Updated: Apr 17
Hopefully you had a chance to cover your strawberry plants with a thick layer of mulch or straw in the fall to protect them from our harsh winters, and especially to keep them frozen during the chinook weather if you are near Calgary, Alberta like me. Thawing and freezing is actually much harder on plants, and the reason many perennials don't survive southern Alberta winters, than the cold itself.
To figure out when to uncover your strawberries in the spring, pull the straw or mulch to the side and check for new growth. In southern Alberta this is likely mid to late March or early April and in the northern parts of Alberta, mid to late April. If new growth is seen, use a hand rake or just your hands to remove mulch or straw, leaving a two inch covering. Wait two weeks allowing plants to climatize and then remove the top inch, leaving the last inch as a ground covering for the remainder of the year. Leaving mulch on too late can decrease your strawberry fruit production. It is better to remove slightly early than to wait too long.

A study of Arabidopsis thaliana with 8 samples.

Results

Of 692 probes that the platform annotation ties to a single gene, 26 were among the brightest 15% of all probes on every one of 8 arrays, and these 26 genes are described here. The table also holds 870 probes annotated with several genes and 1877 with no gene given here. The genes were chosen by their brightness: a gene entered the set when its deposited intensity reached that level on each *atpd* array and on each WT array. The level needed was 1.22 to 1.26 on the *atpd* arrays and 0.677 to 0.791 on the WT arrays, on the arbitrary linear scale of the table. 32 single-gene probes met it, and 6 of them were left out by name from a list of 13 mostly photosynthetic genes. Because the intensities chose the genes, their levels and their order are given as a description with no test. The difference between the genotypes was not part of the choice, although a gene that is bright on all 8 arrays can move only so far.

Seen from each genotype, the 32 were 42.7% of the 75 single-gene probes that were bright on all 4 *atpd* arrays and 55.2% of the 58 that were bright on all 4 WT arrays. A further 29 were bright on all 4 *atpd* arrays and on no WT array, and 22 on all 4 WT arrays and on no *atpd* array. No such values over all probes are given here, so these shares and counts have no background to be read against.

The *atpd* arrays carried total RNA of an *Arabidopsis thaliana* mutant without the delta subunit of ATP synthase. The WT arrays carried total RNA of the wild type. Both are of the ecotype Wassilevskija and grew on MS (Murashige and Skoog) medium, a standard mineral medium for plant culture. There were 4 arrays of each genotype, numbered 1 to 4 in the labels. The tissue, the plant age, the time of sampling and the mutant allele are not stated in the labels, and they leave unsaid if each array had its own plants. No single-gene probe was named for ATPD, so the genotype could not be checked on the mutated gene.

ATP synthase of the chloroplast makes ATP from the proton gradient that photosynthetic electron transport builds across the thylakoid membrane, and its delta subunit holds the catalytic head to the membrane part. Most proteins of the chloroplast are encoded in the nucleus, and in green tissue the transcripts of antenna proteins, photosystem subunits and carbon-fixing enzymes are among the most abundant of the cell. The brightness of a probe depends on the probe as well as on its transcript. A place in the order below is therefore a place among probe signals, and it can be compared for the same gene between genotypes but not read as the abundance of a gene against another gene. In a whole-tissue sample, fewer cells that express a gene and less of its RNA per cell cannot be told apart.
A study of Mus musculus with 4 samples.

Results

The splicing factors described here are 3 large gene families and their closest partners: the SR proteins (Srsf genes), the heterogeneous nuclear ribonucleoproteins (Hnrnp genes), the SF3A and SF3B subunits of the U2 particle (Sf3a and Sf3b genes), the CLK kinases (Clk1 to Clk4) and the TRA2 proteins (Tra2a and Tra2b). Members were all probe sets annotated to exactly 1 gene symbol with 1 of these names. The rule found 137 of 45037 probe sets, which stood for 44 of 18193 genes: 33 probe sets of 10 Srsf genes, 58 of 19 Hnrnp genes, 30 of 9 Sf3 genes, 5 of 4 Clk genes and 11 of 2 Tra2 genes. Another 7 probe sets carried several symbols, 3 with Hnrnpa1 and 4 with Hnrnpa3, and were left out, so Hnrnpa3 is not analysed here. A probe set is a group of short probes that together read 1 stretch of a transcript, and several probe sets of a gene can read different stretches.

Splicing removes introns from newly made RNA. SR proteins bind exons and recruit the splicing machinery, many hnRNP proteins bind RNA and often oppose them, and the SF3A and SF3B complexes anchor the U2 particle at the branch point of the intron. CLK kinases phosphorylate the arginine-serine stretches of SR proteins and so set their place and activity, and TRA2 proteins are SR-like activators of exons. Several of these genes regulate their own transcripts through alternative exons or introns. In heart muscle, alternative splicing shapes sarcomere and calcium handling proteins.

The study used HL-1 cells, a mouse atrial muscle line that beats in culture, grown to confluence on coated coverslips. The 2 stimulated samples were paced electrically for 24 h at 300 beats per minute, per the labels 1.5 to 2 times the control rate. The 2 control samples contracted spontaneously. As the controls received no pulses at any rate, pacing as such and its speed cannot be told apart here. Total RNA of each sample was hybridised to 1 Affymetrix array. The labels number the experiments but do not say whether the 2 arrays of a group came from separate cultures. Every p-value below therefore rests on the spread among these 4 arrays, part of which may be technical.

Mulching and Fertilizing Strawberries
Leaving a one inch layer of mulch on the ground around strawberry plants is beneficial for retaining moisture between waterings, preventing weeds, and protecting fruit from direct contact with the ground, causing rotting. Over the course of a year mulch will begin to break down and compost itself. As this can cause strawberries to rot, replace the mulch in early May or add a fresh layer on top of last year's mulch. This is also a great time to work some compost into the soil to fertilize your strawberry plants. If you don't have access to compost, fertilize two weeks apart with a 10-10-10 or a 18-18-21 fertilizer.
For more information on growing strawberries in zone 3 read Growing Strawberries in Alberta.